The latest results from the phase 3 Covid-19 vaccines trials have been very positive. These have shown that vaccinating people with the gene for SARS-CoV-2 spike protein can induce excellent protective immunity.

The spike protein is the focus of most Covid-19 vaccines as it is the part of the virus that enables it to enter our cells. Virus replication only happens inside cells, so blocking entry prevents more virus being made. If a person has antibodies that can recognise the spike protein, this should stop the virus in its tracks.

The three most advanced vaccines (from Oxford/AstraZeneca, Pfizer/BioNTech and Moderna) all work by getting our own cells to make copies of the virus spike protein. The Oxford vaccine achieves this by introducing the spike protein gene via a harmless adenovirus vector. The other two vaccines deliver the spike protein gene directly as mRNA wrapped in a nanoparticle. When our own cells make the spike protein, our immune response will recognise it as foreign and start making antibodies and T cells that specifically target it.

However, the SARS-CoV-2 virus is more complicated than just a spike protein. There are, in fact, four different proteins that form the overall structure of the virus particle: spike, envelope, membrane and nucleocapsid. In a natural infection, our immune system recognises all of these proteins to varying degrees. So how important are immune responses to these different proteins, and does it matter that the first vaccines will not replicate these?

The SARS-CoV-2 virus is more complicated than just a spike protein. Photo credit: US Centers for Disease Control and Prevention (Public domain)

Following SARS-CoV-2 infection, researchers have discovered that we actually make the most antibodies to the N protein – not the spike protein. This is the same for many different viruses that also have N proteins. But how N protein antibodies protect us from infection has been a long-standing mystery. This is because N protein is only found inside the virus particle, wrapped around the RNA. Therefore, N protein antibodies cannot block virus entry, will not be measured in neutralisation assays that test for this in the lab, and so have largely been overlooked.

New mechanism discovered

Our latest work from the MRC Laboratory of Molecular Biology in Cambridge has revealed a new mechanism for how N protein antibodies can protect against viral disease. We have studied another virus containing an N protein called lymphocytic choriomeningitis virus and shown a surprising role for an unusual antibody receptor called TRIM21.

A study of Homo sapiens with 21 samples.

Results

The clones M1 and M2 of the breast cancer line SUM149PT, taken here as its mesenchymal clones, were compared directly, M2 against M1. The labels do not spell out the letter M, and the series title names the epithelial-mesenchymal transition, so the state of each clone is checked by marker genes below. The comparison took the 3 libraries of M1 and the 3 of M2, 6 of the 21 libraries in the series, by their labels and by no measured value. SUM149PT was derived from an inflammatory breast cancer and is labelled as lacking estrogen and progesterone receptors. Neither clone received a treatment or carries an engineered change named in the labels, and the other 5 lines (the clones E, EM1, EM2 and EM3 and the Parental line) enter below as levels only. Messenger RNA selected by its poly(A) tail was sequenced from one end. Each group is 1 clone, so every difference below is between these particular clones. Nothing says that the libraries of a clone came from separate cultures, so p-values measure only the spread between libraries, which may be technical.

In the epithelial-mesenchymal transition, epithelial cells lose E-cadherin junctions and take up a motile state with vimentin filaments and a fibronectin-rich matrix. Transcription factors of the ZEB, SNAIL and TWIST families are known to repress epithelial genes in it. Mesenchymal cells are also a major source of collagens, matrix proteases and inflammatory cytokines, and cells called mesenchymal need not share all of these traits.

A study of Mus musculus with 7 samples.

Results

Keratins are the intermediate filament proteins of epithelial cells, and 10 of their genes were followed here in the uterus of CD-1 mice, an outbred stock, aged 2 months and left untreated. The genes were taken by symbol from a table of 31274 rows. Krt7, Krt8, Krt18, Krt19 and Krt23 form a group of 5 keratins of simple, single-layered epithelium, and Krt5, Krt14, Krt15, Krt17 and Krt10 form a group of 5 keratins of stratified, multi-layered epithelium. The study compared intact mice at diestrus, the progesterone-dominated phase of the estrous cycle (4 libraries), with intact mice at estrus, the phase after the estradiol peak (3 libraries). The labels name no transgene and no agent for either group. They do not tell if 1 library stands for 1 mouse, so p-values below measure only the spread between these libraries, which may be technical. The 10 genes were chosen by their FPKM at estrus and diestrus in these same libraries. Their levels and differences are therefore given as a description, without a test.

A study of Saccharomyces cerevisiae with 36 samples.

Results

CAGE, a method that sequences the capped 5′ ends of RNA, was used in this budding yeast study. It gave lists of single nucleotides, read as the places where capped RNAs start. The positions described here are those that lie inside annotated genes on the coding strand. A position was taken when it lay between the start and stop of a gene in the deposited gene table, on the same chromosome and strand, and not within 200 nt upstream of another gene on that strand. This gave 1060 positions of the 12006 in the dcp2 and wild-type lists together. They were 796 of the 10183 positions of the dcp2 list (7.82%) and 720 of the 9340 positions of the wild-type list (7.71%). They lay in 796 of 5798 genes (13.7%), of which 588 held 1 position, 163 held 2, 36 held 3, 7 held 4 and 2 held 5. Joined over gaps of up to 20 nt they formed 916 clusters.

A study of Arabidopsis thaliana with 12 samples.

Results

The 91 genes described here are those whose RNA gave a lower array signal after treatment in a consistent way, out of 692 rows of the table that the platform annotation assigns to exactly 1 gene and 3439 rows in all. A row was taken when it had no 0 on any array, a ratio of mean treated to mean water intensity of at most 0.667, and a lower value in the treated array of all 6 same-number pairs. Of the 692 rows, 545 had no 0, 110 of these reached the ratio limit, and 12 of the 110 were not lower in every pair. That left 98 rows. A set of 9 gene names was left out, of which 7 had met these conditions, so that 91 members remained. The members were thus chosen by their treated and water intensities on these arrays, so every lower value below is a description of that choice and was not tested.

Whereas antibodies are typically thought to only work outside of cells, TRIM21 is only found inside cells. We have shown that N protein antibodies that get inside cells are recognised by TRIM21, which then shreds the associated N protein. Tiny fragments of N protein are then displayed on the surface of infected cells. T cells recognise these fragments, identify cells as infected, then kill the cell and consequently any virus.

We expect that this newly identified role for N protein antibodies in protecting against virus infection is important for SARS-CoV-2, and work is ongoing to explore this further. This suggests that vaccines that induce N protein antibodies, as well as spike antibodies, could be valuable, as they would stimulate another way by which our immune response can eliminate SARS-CoV-2.

Adding N protein to SARS-CoV-2 vaccines could also be useful because N protein is very similar between different coronaviruses – much more so than the spike protein. This means it’s possible that a protective immune response against SARS-CoV-2 N protein could also offer some protection against other related coronaviruses, such as Mers.

Another potential benefit that may arise from including N protein in SARS-CoV-2 vaccines is due to the low mutation rates seen in the N protein sequence. Some changes to the sequence of SARS-CoV-2 have been reported over the course of this pandemic, with the most significant changes occurring in the spike protein.

There is some concern that if the spike sequence alters too much, then new vaccines will be required. This could be similar to the current need for annual updating of influenza vaccines. However, as the N protein sequence is much more stable than the spike, vaccines that include a component targeting the N protein are likely to be effective for longer.

The first wave of SARS-CoV-2 vaccines brings genuine hope that this virus can be controlled by vaccination. From here it will be an ongoing quest to develop even better vaccines and ones that can remain effective in the face of an evolving virus. Future vaccines will probably focus on more than just the spike protein of SARS-CoV-2, and the N protein is a promising target to add to the current strategies being considered.

Sarah L Caddy is a Clinical Research Fellow in Viral Immunology and Veterinary Surgeon at the University of Cambridge.

This article first appeared on The Conversation.